The Common Core State Standards Initiative is an important effort to move states in the direction of developing a common curriculum and shared expectations in what students should learn, know, and be able to do. The initiative states:

“Building on the excellent foundation of standards states have laid, the Common Core State Standards are the first step in providing our young people with a high-quality education. It should be clear to every student, parent, and teacher what the standards of success are in every school.

Teachers, parents and community leaders have all weighed in to help create the Common Core State Standards. The standards clearly communicate what is expected of students at each grade level. This will allow our teachers to be better equipped to know exactly what they need to help students learn and establish individualized benchmarks for them. The Common Core State Standards focus on core conceptual understandings and procedures starting in the early grades, thus enabling teachers to take the time needed to teach core concepts and procedures well—and to give students the opportunity to master them.

With students, parents and teachers all on the same page and working together for shared goals, we can ensure that students make progress each year and graduate from school prepared to succeed in college and in a modern workforce.”

However, the real challenges of teaching and learning will not change, nor will they be solved by simply adopting a common curriculum. Teachers will still have to teach effectively and students will still have to apply themselves to learning what is being taught. In this regard, my starting point as a teacher is not to begin with telling students what I am going to teach, but asking students where they want to go, in essence, “Pick a Box.” This illustration outlines the general choices after high school that every young person will be confronted with, e.g., will you go to work, go to college, or enlist into the military? The salary is the median salary for each level of education, i.e., high school diploma, 4-year college degree, graduate degree, etc. (U.S. Bureau of Labor Statistics 2010).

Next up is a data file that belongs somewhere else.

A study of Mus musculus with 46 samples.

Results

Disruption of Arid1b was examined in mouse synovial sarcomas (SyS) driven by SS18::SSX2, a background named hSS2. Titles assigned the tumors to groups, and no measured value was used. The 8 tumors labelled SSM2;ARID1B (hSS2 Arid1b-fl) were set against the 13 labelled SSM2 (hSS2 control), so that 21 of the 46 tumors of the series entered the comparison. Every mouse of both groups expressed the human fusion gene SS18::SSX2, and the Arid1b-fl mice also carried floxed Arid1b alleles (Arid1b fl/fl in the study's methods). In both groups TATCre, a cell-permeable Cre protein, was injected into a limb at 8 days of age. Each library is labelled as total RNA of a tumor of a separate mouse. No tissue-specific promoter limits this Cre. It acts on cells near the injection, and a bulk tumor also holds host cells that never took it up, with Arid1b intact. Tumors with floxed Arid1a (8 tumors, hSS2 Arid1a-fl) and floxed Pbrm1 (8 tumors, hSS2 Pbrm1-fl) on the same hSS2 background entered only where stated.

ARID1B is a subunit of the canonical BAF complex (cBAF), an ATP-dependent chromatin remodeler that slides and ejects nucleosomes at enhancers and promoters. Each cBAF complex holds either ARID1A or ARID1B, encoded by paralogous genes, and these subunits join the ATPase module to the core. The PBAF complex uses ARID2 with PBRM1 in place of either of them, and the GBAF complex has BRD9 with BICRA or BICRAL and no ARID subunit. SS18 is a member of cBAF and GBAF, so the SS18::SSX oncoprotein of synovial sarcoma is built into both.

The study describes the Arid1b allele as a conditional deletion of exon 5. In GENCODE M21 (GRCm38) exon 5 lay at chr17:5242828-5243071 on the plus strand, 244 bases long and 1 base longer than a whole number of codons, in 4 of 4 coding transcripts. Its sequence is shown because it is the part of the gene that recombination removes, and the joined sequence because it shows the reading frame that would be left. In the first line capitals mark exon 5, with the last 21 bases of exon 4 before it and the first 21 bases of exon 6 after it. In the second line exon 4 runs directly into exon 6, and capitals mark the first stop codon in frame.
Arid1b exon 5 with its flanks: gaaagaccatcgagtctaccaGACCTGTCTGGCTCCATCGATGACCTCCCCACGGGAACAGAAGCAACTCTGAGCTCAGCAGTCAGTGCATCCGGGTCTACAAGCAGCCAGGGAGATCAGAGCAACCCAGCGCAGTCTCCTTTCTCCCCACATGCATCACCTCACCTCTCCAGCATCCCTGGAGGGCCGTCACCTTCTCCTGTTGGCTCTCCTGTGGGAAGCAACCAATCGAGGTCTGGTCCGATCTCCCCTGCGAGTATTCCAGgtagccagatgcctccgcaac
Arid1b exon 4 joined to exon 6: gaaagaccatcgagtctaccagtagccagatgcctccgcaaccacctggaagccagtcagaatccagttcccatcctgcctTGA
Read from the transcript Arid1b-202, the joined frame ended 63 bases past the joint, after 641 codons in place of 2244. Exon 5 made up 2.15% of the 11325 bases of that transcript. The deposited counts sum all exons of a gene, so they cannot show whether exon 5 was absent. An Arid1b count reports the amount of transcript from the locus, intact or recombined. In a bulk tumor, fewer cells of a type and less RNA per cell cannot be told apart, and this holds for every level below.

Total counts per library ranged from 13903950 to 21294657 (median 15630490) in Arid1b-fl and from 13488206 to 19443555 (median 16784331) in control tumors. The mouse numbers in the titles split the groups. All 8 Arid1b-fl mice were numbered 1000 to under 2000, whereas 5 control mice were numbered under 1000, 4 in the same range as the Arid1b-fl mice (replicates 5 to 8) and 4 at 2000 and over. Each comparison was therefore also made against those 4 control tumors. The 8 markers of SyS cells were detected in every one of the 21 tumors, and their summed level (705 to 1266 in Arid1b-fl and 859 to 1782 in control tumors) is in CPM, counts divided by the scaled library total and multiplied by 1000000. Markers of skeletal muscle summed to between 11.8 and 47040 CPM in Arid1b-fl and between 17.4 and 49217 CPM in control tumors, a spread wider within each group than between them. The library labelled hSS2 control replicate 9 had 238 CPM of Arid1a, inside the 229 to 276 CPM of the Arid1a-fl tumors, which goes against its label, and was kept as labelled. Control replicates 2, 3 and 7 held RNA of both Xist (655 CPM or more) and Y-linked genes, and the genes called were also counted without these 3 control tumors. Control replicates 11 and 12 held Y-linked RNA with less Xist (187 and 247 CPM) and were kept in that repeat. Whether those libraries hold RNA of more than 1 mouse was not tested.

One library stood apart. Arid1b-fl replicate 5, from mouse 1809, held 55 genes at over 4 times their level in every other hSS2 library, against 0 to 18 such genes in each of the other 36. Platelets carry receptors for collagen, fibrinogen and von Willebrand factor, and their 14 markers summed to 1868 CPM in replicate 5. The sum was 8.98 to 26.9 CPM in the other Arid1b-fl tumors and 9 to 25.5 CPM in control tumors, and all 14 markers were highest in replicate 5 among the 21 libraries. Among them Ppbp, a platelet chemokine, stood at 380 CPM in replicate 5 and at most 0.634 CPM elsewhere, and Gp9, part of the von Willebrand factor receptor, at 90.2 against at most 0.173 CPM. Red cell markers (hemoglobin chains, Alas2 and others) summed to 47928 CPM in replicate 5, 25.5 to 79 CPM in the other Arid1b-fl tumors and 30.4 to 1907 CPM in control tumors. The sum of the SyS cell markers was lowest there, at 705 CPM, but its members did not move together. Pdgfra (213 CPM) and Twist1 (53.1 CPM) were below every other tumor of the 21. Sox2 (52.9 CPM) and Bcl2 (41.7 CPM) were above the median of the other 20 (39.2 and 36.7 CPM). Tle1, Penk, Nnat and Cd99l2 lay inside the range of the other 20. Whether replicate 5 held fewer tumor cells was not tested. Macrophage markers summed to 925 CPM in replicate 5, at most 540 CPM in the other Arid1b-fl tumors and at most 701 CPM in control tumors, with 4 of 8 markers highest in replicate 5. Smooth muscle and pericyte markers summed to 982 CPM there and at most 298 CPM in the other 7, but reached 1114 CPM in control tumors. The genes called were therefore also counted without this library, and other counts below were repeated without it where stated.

Raising this question and getting students to affirm where they believe that they wan to go is as important for the kindergartener as it is for the twelfh-grader, perhaps even more so. The kindergarten student who affirms that he or she wants to become a doctor has 12 years to place learning within that context. He or she must apply his or herself to math and science, not to simply learn, but to know! If he or she is affirming that he or she wants to pursue a law degree, then developing language, critical thinking, debate, and an expanded vocabulary makes sense long before he or she begins prepping for the SAT or ACT as a high school student.

Once we better understand where students think that students want to go, then we can better connect them to the curriculum, albeit the Common State Standards or what is currently being taught. Interestingly, the vast majority of students affirm that they want to attend college as they enter elementary school, however, few students are prepared for college as they exit high school. The conversation is long overdue… “Pick a Box!”